Jesus prayed in the Garden, “not my will be done but yours,” and elsewhere he says, “For I have come down from heaven not to do my will but to do the will of him who sent me.” Obviously, Christ has his own will, and the Father has his.
Nobody disagrees here. But the next step is crucial. Does Jesus mean that his divine will agrees with the Father’s divine will, or does Jesus mean that his human will concurs with the divine will of God?
Karl Rahner and Karl Barth
The latter was the obvious answer for all orthodox Christians for centuries. Yet Karl Rahner (1904–1984) and Karl Barth (1886–1968) introduced theological emphases that shifted the balance.
Rahner argued that what Christ does in his earthly ministry shows how God exists in Himself. Barth advocated for an eternal submission of the Son to the Father. So Rahner allowed for Christ’s earthly obedience to indicate an eternal relationship in God; Barth made the idea mainstream.
Many Christians today take it for granted that the Son naturally stands in a relationship of submission and authority with the Father. This position implies some sort of complexity within the divine will.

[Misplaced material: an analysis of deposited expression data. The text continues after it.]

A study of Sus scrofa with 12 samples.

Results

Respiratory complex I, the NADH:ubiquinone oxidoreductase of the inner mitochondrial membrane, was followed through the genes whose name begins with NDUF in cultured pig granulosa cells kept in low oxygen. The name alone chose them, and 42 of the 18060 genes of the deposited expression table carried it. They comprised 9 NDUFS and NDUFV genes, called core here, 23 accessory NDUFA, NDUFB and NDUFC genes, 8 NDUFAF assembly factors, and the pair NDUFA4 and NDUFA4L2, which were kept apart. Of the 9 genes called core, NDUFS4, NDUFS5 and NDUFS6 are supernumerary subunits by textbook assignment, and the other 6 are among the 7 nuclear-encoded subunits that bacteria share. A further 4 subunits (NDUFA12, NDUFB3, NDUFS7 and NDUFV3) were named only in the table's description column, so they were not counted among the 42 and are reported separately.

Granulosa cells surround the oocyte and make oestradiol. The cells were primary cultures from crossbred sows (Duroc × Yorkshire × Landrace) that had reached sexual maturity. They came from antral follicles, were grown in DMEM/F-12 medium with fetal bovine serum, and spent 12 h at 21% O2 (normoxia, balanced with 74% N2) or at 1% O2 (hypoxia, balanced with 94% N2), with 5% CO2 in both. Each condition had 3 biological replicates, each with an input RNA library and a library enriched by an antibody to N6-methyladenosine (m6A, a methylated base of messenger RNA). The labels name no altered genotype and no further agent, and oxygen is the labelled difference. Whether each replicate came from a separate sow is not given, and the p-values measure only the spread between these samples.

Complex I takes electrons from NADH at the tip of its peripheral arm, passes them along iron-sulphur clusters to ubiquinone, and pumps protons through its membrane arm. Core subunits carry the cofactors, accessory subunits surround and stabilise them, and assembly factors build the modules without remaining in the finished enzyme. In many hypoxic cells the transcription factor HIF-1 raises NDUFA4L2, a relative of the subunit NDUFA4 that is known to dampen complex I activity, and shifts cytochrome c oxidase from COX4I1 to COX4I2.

Hilary of Poitiers
For this reason, it seems worthwhile to see why Early Christians maintained the absolute unity of God via eternal generation; and why they denied multiple wills in God. One key theologian was Hilary of Poitiers (310–367) who provides a traditional point of view on these matters.
When Christ identifies with the Father (e.g., “I and the Father are one”), Jesus indicates according to Hilary of Poitiers, “a unity and harmony of will” (On the Trinity, 322).
The Arians in contrast denied this harmony of will because they “believed only in an alliance, based on mutual agreement” between Father and Son. This Arian position aimed to “destroy the unity which proceeds from the birth” (322).
By birth, Hilary means specifically eternal generation which distinguishes Father from Son. The Father begets the Son from eternity; the Son is the only begotten of God from all eternity. Thus, they stand in essential unity but differ by name and by implication the relationship that the names imply (the Son is begotten; the Father begets).
Note carefully: If the Father and Son do not have a unified will and nature which can be distinguished by subsistent relations or origin (eternal generation), then the unity of God comes under threat. And specifically, the Arians threatened God’s unity by not affirming eternal generation and instead affirming some sort of relation in which the Father and Son agreed mutually to act together.
The point: any position that posits multiple wills in God potentially can disrupt the unity of the one, simple God.